Thursday, September 10, 2015

A Few Days Off Brings Us To : The F-35

"Today there are 126 F-35s of various models in service (plus 19 test aircraft); by the end of 2019, that will skyrocket to 493. “When we have those 493 airplanes out in the field in 2019, guess how many of them will be in what I consider to be the right configuration?” Bogdan asked the ComDef conference here. “Not. A. One. Every one of the airplanes coming off the production line today and coming off the production line for the next two and a half years, plus all the airplanes we’ve built already, will need some form of modification to get them up to the full capability that we promised the warfighter. That is a massive undertaking..”

So says,  Lt. Gen. Chris Bogdan, program executive officer (PEO) for the F-35.
This is from an intensive series of articles supplied by"Breaking Defense".

Currently exciting news comes from Italy: Via Defense News

In summary Italian interest have built or should say assembled its first F-35 at an airport plant, and rolled it out the door. It flew off for an hour and twenty-two minutes. How about that, it's a F-35 project milestone?

Now comes the entanglement of production the F-35 finds itself in, through the concept called "concurrency". They were right starting the word with "Con", as in con job. The above Bogdan quote best describes concurrency at its peak. "Not A One", is like any other F-35. Bits and pieces litter the production trail, marking a project falling apart along the production way. The mitigation of the problem is found with block production runs, hoping containment stays within each block. However, containment of production progress, within a concurrent plan allows seepage flowing into any block when having daily updates applied to anyone's model on-the-line!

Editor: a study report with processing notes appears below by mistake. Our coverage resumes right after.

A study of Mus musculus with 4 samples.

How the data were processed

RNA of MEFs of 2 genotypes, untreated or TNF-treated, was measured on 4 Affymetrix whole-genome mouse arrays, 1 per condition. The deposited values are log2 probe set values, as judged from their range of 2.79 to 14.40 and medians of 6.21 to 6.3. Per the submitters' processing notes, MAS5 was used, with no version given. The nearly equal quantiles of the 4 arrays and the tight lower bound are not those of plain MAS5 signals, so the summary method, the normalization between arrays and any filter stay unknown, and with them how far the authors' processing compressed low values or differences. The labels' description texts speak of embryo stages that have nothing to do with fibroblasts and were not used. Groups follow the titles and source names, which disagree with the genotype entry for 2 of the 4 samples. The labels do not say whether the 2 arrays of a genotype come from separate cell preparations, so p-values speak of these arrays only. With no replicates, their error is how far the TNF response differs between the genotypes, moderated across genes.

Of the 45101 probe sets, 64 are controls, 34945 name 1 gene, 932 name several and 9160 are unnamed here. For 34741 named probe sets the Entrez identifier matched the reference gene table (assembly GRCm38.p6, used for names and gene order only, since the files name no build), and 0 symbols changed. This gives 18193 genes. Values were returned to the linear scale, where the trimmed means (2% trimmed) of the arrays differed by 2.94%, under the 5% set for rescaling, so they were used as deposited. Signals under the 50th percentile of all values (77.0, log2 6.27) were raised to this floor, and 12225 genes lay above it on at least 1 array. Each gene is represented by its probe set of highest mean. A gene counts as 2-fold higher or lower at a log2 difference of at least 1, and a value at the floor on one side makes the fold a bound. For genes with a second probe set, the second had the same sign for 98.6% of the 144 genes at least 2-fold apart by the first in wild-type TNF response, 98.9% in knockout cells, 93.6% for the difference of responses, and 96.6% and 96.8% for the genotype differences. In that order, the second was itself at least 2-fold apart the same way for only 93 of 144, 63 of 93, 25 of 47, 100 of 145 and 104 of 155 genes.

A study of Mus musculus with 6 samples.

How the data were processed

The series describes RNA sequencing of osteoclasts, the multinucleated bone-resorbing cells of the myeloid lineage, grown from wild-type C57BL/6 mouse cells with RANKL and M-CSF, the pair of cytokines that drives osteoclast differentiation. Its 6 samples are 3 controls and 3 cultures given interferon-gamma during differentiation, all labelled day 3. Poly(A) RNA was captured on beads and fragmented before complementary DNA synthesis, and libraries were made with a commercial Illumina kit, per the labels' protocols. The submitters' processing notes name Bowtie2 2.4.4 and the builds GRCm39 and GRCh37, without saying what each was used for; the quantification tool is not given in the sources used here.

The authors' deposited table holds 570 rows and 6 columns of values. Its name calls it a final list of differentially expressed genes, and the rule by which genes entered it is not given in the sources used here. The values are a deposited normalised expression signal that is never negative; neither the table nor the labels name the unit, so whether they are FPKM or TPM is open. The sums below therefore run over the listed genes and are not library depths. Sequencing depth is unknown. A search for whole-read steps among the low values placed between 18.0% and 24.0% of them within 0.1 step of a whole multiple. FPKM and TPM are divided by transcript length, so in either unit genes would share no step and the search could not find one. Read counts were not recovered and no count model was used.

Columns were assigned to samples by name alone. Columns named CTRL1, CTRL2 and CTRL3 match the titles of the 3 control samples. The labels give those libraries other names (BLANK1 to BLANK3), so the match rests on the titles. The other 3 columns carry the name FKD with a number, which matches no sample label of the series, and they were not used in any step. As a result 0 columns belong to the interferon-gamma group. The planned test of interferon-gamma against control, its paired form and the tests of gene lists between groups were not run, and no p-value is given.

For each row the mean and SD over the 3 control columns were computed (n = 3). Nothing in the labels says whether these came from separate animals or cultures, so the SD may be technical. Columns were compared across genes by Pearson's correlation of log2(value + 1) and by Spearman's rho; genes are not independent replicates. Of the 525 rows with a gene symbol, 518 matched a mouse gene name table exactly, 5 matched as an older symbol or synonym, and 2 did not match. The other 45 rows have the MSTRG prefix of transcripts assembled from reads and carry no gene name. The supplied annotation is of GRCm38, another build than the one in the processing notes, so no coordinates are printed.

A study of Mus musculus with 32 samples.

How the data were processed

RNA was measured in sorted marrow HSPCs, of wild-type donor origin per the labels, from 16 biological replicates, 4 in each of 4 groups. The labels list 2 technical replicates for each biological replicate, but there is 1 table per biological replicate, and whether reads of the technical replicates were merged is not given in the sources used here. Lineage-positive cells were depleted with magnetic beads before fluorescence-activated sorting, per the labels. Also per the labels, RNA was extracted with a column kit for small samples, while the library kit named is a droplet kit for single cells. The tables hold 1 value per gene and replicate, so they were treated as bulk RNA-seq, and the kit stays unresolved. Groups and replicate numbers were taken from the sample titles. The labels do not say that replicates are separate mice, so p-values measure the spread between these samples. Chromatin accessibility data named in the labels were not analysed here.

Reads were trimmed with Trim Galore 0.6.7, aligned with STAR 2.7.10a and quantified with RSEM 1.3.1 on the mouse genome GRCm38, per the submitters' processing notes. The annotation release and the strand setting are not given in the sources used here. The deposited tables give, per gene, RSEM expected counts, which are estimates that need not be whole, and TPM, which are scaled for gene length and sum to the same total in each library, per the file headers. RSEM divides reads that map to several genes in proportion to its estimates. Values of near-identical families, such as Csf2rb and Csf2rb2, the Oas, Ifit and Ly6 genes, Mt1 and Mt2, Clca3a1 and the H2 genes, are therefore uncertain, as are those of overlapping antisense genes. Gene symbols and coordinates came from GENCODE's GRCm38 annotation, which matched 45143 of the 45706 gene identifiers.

Sad Sack is defending America from the production floor. Before "anyone" buys the next bomb shelter, there is some hope for future military programs. Concurrency is a buzzword waiting for the next military industrial complex idea. It will be retired by a new conceptual phrase, perhaps, "Next Fighter Up". The sum of all changes has to reach a culmination where all fighters are consistent within not a block but through entire division of military applications and concept. 

Starting with one frame, and applying that frame to three different applications is a nightmare. The Air Force, Marine, and Navy is a concurrent design flaw concept. The Marines affect both the Navy and Air Force potential capability. The Marine design must adapt a central fan for STOVL operations. The Carrier version is beefed-up and heavier than the Air Force version. The Air Force version is limited on speed and agility of what an advanced fighter could have been if it had not been penalized by the Navy and Marine versions in base designs. The Concurrent Three Musketeer sentiments flows with "A One for all and all for one," mess.

The limitations arrive with having flying characteristics marginally different than the F-16. There are faster more nimble fighters available as adversaries. However, they lack the electronic sophistications of the F-35 which gives them "internal" air superiority, and a very long reach with some invisibility.

This brings us to the biggest problem, internal computer codes that have to have so many updates. The code corrections are awaiting its implementation while in testing mode, assuring program stability and validation. The "main edge" over other adversarial aircraft is scattered all over the concurrent production floor within each "Block model" having a different "Block code version", installed controlling its secret military platforms. It is reaching its final giant Cluster F*** and then it will fly concurrently with Block 11, as its role model.

What the military and Lockheed are now doing for these dismal concurrent conditions is sweeping up the technological crumbs that were swept off the table after each "Block Release".